Three meetings I have been part of this week underline what has been happening around us for some time now. The intent to do good visibly, and do good while making profits, is all around - and growing.
Consciousness about social good (and social issues) has never been at this high, with media and citizens on social media alike voicing concerns and raising issues that millions of Indians resonate with. Corporate houses caught on early, and the largest of them have decided to be the most responsible, with stated intent to be so. Corporate brands like Tata have demonstrably shown what they can do and earned the respect of the world for that. There are many, many others who are doing their bits in myriad ways to give back to the society that consumes their produce and helps them produce.
What I’m not so comfortable with, is the cynicism with which such attempts by corporate houses to do good is viewed by a segment of society. And that only gets compounded because of the cynicism with which large segments of media view them. Granted, they make profits, and would like to build a reputation for being responsible corporate brands, because that makes an impact on consumer choices. But if they are doing things on ground that impact society positively, either by doing good for society, or by doing business responsibly, or both, isn’t that something to be encouraged?
When Paul Polman came to India and painstakingly articulated Unilever’s Sustainable Living Plan 2020 to journalists in Mumbai, I happened to be among the bunch invited to interact with him. Interactions with members of my trade post the meeting, and post putting out in print what his vision for Unilever for 2020 was, convinced me that journalists are shrouded in too much negativity for their own good. And guess what? Even media houses are not spared.
When Rajdeep and team at CNN IBN drove home citizen journalism some years ago, I sensed the same negative vibes from this tribe that calls itself the fourth estate. So what if the show gets a sponsor, so what if it makes money, so what if it turns out to be popular among viewers? That’s what TV programming is meant to do. Why do all those things blind us from the positive impact of the show? When The Times of India, or The Hindu more recently, release a campaign that voices social concern, why do we dismiss them as gimmicks for popularity and recall? Even if they were, they make positive social impact.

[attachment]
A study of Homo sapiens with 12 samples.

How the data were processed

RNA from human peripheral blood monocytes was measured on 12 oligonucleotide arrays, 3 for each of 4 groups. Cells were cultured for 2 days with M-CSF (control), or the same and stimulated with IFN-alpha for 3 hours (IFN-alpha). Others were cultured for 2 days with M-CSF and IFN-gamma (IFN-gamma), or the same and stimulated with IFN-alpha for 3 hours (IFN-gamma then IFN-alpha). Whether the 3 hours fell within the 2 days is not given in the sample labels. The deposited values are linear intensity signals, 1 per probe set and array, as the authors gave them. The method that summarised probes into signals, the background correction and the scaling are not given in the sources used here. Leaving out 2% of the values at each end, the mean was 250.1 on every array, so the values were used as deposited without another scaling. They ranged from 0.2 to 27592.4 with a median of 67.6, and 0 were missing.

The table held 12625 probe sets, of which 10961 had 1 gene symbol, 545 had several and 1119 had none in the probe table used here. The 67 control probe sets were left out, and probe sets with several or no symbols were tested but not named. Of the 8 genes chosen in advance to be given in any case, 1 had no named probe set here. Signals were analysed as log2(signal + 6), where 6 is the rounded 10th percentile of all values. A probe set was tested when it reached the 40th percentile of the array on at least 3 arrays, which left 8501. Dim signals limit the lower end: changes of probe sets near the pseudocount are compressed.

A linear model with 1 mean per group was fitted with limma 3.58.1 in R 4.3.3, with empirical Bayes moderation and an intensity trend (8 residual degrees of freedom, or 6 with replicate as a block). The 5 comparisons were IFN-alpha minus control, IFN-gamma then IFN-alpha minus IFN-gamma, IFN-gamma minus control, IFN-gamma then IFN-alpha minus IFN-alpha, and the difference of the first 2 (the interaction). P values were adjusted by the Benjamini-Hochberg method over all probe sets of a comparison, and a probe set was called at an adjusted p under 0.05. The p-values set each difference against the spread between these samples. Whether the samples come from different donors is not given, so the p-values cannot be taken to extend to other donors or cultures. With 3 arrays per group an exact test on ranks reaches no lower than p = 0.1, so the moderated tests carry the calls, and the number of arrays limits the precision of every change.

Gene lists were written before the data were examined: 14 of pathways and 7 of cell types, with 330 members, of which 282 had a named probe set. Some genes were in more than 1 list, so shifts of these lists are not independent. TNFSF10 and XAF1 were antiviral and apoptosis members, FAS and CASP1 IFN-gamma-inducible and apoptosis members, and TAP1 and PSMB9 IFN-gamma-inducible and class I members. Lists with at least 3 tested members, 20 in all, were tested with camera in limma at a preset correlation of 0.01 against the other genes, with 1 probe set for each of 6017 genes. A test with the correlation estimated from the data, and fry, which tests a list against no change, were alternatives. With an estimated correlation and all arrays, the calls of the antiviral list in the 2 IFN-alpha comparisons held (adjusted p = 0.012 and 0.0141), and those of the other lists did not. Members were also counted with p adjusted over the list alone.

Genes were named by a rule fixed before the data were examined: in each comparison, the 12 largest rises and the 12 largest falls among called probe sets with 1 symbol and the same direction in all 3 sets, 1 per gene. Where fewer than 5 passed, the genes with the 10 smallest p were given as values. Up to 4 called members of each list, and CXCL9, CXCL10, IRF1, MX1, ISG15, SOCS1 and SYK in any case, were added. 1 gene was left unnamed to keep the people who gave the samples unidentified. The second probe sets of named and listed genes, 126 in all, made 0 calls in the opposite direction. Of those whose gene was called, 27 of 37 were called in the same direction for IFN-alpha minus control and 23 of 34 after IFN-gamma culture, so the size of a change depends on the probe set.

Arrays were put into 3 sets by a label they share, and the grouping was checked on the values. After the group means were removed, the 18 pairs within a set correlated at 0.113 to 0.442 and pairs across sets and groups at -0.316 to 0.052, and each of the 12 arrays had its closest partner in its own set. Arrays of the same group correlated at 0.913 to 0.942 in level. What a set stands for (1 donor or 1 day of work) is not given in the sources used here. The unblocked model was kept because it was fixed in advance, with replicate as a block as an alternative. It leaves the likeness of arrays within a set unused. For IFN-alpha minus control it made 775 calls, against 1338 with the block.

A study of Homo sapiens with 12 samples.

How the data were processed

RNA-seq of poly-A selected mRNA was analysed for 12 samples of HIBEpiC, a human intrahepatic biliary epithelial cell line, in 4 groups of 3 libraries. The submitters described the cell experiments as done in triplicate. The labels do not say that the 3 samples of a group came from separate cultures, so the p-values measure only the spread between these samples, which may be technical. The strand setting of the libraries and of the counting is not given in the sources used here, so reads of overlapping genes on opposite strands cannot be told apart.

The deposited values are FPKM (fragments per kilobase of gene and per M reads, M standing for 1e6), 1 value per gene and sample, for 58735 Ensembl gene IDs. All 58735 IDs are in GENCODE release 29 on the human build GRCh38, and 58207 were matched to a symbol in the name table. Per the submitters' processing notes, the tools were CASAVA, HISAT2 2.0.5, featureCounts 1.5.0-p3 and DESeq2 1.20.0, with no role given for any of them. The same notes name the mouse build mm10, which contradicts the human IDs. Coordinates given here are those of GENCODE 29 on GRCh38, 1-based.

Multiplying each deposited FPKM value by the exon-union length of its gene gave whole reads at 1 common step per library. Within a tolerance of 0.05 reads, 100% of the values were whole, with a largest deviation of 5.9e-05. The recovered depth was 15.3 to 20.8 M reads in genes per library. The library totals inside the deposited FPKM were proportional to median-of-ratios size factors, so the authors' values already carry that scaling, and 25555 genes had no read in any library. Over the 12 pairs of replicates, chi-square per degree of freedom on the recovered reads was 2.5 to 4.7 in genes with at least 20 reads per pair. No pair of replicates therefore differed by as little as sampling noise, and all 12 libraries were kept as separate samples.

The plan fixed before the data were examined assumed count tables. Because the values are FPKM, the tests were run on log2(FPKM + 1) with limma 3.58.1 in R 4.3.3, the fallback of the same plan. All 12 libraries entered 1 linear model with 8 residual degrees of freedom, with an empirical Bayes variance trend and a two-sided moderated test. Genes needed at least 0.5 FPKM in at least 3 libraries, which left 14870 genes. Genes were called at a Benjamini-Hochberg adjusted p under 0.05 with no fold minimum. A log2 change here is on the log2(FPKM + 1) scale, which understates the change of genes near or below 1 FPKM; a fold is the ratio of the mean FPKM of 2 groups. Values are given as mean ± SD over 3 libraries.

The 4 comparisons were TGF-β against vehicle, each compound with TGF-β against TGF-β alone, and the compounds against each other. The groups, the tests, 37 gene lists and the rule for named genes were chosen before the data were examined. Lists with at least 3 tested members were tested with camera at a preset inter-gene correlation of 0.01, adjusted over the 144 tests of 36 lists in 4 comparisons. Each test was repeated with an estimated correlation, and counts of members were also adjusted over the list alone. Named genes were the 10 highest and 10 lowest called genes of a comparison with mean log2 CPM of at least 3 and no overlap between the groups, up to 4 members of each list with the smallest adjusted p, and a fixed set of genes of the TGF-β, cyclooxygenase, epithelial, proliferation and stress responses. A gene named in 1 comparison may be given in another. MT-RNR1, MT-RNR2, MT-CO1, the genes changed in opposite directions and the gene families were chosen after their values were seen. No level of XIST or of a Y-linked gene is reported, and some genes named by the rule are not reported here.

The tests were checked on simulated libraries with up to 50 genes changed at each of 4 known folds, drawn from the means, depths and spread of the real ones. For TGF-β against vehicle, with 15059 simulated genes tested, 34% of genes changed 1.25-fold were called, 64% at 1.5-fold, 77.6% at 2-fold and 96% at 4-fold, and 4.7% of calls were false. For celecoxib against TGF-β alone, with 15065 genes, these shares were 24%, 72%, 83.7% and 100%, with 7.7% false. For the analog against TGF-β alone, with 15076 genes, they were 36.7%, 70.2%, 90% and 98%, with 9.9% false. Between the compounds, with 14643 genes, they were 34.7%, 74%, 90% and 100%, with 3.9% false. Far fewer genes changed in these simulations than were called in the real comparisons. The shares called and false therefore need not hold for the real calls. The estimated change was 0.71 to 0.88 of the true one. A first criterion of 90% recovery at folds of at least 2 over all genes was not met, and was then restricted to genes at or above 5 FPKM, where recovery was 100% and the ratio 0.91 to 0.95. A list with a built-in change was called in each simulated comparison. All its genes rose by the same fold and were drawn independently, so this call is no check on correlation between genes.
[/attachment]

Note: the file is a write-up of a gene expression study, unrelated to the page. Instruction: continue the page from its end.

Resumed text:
So when a manufacturer of fuel-guzzling vehicles contributes tangibly towards bettering society, should we remind them of the damage their vehicles cause to the environment? No, there are different forums to do that. By all means, speak about pollution. But also speak about what they are doing right, even if it means lesser eyeballs. Where there’s good done, appreciating it, and encouraging it, is our job.
The importance of views has increased manifold with news getting commoditised and being increasingly controlled by the source or intermediary. But the liberty that views gives journalists is something that needs to be punctuated with responsibility.
I am also convinced that this cynical bent is not just a disease that has afflicted journalists. This, I infer, from the commentators on social media and bloggers, rooted in the belief that negative commentary will get them more views. Unfortunately, it does seem to.
One theory is that anyone with an audience, journalists included, reflect on what’s wrong with the world and everyone in it with aplomb; that this feeling of power only grows with every piece of critical opinion. I think painting all media and all those on social media with the same brush is not fair, but there is some truth in the theory too.
The media must do its part to encourage genuine attempts by corporate brands to be good social citizens. Profits and social good can co-exist. They should. That is the only way forward.